Ann Arbor (Informed Comment) – Jun-Young Park et al. write in Nature Communications that the collapse of the Arctic and Antarctic ice sheets may come sooner than climate scientists had expected if humanity misses the Paris Climate Treaty goal of keeping extra global heating to 2.7° F. (1.5° C ) above the pre-industrial average.
Humanity will certainly miss the 1.5 C. goal.
The average temperature of the earth’s surface has already shot up 1.4° F. (0.8° C.) since 1880. The average temperature of the earth in the 20th century was 53.6°F (12.0°C), but that was already warmer than the average in the nineteenth century. The eighteenth century, before the industrial revolution, was positively cold in comparison. In contrast, the first 22 years of the twenty-first century have been unprecedentedly hot. Here’s a visualization from NOAA showing all this:
As with the William J. Ripple article I discussed last week, the Park et al. article tries to build more positive feedback loops into models of ice sheet collapse.
For instance, when ice at the poles melts, it flows as fresh water into the salty seas, tending to occupy the layers of the ocean more toward the surface. As Charles Harvey at ClimateWire put it, “Because fresh water is less dense than salt water, large influxes of meltwater could fail to mix in with the rest of the ocean and instead form a layer that rests on the surface of the water. This cold sheet of liquid traps heat beneath it and causes deeper layers to warm up.”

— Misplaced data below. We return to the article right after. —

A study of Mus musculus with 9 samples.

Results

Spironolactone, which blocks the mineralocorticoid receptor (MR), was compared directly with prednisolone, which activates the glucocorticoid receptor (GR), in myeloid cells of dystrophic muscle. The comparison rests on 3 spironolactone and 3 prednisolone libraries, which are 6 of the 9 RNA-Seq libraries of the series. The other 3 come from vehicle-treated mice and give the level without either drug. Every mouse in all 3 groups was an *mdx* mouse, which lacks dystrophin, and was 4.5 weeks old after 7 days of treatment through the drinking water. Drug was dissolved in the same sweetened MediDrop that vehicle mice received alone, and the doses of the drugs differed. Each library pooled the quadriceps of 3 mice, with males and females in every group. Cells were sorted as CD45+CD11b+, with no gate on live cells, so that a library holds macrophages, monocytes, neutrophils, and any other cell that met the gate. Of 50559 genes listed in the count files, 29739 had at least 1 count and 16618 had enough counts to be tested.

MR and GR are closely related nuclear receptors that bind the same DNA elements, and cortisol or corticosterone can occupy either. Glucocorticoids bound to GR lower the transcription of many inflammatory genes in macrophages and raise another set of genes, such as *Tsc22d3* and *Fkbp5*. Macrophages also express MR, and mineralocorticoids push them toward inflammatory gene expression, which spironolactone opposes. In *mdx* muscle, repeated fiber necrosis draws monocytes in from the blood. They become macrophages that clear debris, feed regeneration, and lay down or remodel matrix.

The Park et al. team tried to build this sort of effect into their model.
They found that if we did keep additional heating to 1.5C above the pre-industrial average, then the ice sheets would be more likely to remain at least somewhat intact.
If we go to 2° C. (3.6F) above the preindustrial average, then the ice sheets are more likely to collapse. In fact, the tipping point may be 1.8° C (3.24° F). They admit that their calculations are conservative, but they see as much as 2.3 feet of sea level rise by 2100, not counting that the hotter ocean will expand and that will additionally contribute to sea level rise.
But beyond 130 years, if we heat the average surface temperature of the earth by 2C, eventually all the ice at the poles would come tumbling down into the seas.
The last time the whole earth was tropical and there was no polar ice cap, there was about a third less land area than there is now.
Even just a few feet of sea level rise will be a big problem for cities such as New York, San Francisco and New Orleans. Lower Manhattan is also lower in elevation and may not be there.
They warn that there are lots of other changes that might accelerate ice sheet melting, such as narrow ocean currents, that are not in their model. Also, scientists still do not understand processes like the “calving” of the ice sheets very well.
But their findings are alarming enough, even though they expect the worst to be felt over many decades.